NBC News' Mars InSight's landing team leader is all 'nerves and excitement' ahead of risky touchdown includes a conversation with Rob Grover, "who leads the team in charge of InSight's landing at NASA's Jet Propulsion Laboratory in Pasadena, California."

Question: What does Grover mean by InSight's nylon parachute being a "soft good"?

NBC: What’s the riskiest part of the landing?

Grover: There’s a couple of times in the control room where we’ll be particularly happy as the landing is unfolding. One of them is parachute deployment. The parachute is not inherently extra-risky. But rather than being a rigid design like the metal lander, which is very predictable, it’s made of nylon. It’s what we call a soft good. And when we deploy that, it’s a little less predictable. While we’ve had great success deploying parachutes on Mars, and we expect to again, it’s one of those moments when we’ll be happy when it’s out and we know we’re descending under the parachute.

I think another one is, we have to have the radar working correctly in order to land. We have radar antennas underneath the lander. While the lander does navigation from the top of the atmosphere, it’s not accurate enough to know precisely where the ground is, so we need the radar to give us fresh information on how high we are above the ground and what velocity we’re descending at. Without the radar, we don’t have good enough information to land successfully. Once the radar successfully acquires the ground, then that’ll be another moment where we’ll kind of breathe a sigh of relief.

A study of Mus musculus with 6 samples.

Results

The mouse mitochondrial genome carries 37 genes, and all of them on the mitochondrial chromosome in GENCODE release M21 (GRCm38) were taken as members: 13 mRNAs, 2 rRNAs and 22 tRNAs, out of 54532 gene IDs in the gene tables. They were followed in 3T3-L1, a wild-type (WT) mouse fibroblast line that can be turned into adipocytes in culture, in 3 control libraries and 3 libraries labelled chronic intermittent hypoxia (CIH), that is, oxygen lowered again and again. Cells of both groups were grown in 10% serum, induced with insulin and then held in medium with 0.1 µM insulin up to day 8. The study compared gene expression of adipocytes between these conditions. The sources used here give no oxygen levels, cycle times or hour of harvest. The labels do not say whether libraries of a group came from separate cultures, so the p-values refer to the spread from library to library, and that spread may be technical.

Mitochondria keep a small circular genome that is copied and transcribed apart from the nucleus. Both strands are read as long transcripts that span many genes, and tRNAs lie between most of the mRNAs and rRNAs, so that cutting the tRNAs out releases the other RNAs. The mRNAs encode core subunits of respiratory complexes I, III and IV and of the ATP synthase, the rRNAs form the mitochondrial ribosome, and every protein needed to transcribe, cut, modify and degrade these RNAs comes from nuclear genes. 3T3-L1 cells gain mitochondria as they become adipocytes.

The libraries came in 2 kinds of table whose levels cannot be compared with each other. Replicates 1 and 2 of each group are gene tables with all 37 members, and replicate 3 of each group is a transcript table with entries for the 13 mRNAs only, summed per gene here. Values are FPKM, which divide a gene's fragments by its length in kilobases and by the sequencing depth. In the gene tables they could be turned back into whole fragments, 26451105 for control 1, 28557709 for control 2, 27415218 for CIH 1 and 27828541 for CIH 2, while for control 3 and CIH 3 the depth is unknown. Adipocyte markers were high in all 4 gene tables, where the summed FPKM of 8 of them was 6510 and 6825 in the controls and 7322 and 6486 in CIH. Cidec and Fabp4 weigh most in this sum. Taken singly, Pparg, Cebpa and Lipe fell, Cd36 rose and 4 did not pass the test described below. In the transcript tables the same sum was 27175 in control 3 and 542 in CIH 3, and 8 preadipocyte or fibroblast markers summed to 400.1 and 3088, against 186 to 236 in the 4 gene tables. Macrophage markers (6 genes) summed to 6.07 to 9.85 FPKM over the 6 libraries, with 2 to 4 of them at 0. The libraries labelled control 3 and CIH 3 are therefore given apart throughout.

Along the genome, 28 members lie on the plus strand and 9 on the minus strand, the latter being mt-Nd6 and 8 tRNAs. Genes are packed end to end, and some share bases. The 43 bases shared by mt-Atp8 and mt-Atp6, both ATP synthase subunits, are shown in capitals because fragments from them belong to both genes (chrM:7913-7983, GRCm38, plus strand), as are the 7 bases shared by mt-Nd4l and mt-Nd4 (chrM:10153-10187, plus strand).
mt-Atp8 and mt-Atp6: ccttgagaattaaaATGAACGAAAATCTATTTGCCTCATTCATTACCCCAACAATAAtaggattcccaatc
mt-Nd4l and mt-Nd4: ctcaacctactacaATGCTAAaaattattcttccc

1 Answer 1


I'm pretty sure that by "soft good" he means it's an element of the system that can't be completely constrained from a simulation or engineering standpoint, in this case fabric. If you're working with static systems or systems with a limited amount of degrees of freedom, it's possible to calculate and analyse every possible state the system can be in. For example a simple hinge only has one degree of freedom and essentially two moving parts. You can figure out every possible angle that it can be in. Even with more complex mechanical linkages such as a robot arms, you can use reverse kinematics to find the angles of all the joints in the system and then run stress or strain calculations on that.

Grover says the parachute deployment is stressful because this type of analysis can't be done with the parachute (or cloth in general) and there's a functionally infinite amount of states the parachute can be in during it's deployment. They can preform a thousand tests with the chute packed identically each time yet the actual deployment is still pretty chaotic--even if it works 1000 times, they can't calculate that it will work the 1001th time. This unpredictable behavior of cloth or other "soft goods" is also why Automation hasn't completely replaced humans in the clothing industry. It is still very hard for computers to manipulate, simulate, and predict fabrics compared to rigid parts.